Perlim means the Apple of the Limousin, as well as the Périgord walnut. Hence the name of the group is a contraction of these two regions which each offer products benefiting from a PDO. The apple has been produced and marketed since the early 1960s, but the Chauffaile family has also been selling walnuts since the end of the Second World War. The Quercy cooperative of walnut producers of the Limousin and Périgord regions was created in 1978. Today, it has 550 members and 2,800 hectares of walnut orchards spread mainly over four departments: the Corrèze, Dordogne, Lot and Charente.
Perlim Noix produces about 4,000 tons of walnuts per year, while the French production represents 40,000 tons annually (20,000 tons in the Périgord and 20,000 tons in the Grenoble area). Of the total production of Perlim Noix, only 20% of the production is intended for the French market; most of the production is exported. However, the situation has been evolving for some time now as there is a clear demand from French consumers for local, quality and eco-responsible products.
“Consuming dried fruits is not part of the consumption habits of the French, contrary to other European countries or North Africa. But for a few years, we have been observing a significant development in consumption in France,” explains Jonathan Rhodes, director of the Perlim Noix cooperative. “Up until now, the walnut was not exactly perceived as a modern product, but it is slowly making a comeback and sales are evolving exponentially on the French market. Moreover, the Périgord is well-known for its gastronomy, so the Périgord Walnut PDO is a guarantee of quality for the consumer.”
“We encourage producers to plant”
Global walnut production is on the rise. In Chile for example, the production went from 14,000 tons in 2004 to 150,000 tons in 2020. In France, it has been fluctuating between 38,000 and 42,000 tons annually for the past 15 years. “We encourage our producers to plant walnut trees. But today, the 200 to 250 hectares of new orchards planted each year are barely enough to replace the losses we suffer due to retirements for example. Although we cannot guarantee a price to our producers - because the walnut market is a global market - we encourage our producers to increase their yield per hectare. And we have more and more farmers specializing in arboriculture and planting new, more productive varieties.”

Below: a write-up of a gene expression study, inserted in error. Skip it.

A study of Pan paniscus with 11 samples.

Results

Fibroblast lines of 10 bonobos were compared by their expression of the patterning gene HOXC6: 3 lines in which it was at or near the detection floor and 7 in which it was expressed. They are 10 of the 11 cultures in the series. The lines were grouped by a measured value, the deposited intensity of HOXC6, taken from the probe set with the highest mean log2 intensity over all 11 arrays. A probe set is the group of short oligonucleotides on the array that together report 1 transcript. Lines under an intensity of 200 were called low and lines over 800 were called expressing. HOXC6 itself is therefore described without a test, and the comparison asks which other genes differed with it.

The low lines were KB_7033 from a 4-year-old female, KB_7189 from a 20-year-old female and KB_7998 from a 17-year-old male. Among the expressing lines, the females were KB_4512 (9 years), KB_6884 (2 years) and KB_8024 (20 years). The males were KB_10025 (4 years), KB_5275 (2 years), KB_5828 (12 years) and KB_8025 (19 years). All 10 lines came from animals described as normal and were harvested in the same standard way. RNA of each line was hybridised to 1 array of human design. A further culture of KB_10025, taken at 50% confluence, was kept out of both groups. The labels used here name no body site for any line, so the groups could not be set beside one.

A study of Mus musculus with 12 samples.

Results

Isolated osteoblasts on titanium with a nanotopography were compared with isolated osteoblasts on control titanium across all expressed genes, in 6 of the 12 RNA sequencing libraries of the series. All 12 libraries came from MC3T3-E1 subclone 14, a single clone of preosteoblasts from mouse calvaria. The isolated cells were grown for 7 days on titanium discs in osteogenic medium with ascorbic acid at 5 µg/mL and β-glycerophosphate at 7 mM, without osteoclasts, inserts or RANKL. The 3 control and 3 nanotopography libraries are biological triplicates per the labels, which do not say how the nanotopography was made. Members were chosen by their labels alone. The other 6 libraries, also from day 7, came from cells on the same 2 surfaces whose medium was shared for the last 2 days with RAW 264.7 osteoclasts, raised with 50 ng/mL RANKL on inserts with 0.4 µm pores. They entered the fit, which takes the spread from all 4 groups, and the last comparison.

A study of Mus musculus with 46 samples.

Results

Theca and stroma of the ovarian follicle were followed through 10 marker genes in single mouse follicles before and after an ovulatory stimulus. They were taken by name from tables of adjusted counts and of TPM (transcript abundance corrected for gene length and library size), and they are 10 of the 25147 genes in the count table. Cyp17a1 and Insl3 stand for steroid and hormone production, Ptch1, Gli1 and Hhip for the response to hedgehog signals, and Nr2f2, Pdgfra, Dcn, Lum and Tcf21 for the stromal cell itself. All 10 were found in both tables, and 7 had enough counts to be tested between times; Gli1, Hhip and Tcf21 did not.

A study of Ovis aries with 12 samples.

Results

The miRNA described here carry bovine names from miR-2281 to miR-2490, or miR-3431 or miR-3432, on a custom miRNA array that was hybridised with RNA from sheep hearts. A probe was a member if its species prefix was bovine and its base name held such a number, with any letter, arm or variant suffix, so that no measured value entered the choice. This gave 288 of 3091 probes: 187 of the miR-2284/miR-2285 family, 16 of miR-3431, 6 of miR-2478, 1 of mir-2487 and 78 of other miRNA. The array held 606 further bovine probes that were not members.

Indeed, the yield per hectare varies significantly depending on the varieties. “The Franquette is the main variety found in France. It takes about 10 to 12 years for a walnut tree to be in full production. A production that can easily stretch over the span of 50 years for a single tree. But in return, the quality of the kernels is particularly sought after,” explains Jonathan. “They are more humid and tastier. But today, new American varieties have appeared, such as the Chandler. After only 5 years, the orchards produce 6 tons per hectare, while it takes about 12 years to obtain 2.5 tons of Franquette per hectare. Of course, the taste quality is different and after 25-30 years, the tree starts to produce less and the trees will need to be uprooted and replanted.”
Contrary to other crops which suffer more and more from climate change, walnut orchards love the heat. Therefore, provided there is enough water, walnut trees are not jeopardized by the heatwaves that are likely to be more frequent in the coming years.
“In addition to being a naturally sustainable crop, producing walnuts responsibly is an integral part of our convictions”
Like the eco-responsible measures put in place by Perlin Pommes - such as 100 % mechanical weeding, the CSR cardboard tray or the HEV certification of the orchards – the walnut cooperative is also keeping busy. “We are fortunate to have a naturally sustainable fruit. 15% of our production has the organic label, and most of our production does not undergo any treatment. This does not stop us from pushing further in our eco-responsible approach. Although the economic profitability will not ultimately match our efforts, sustainable development is still a matter of conviction for our team. For this reason, our members have benefited from the Bee Friendly label since 2017. The HEV label is more difficult to obtain for walnut production because most producers practice mixed farming. Yet, 15% of our volumes for 2020 will be HEV 3 certified. Within 3 years, we will have eliminated all plastic from our packaging. Additionally, we have recently published a guide of good practices, in partnership with local beekeepers for the preservation of biodiversity in walnut orchards.”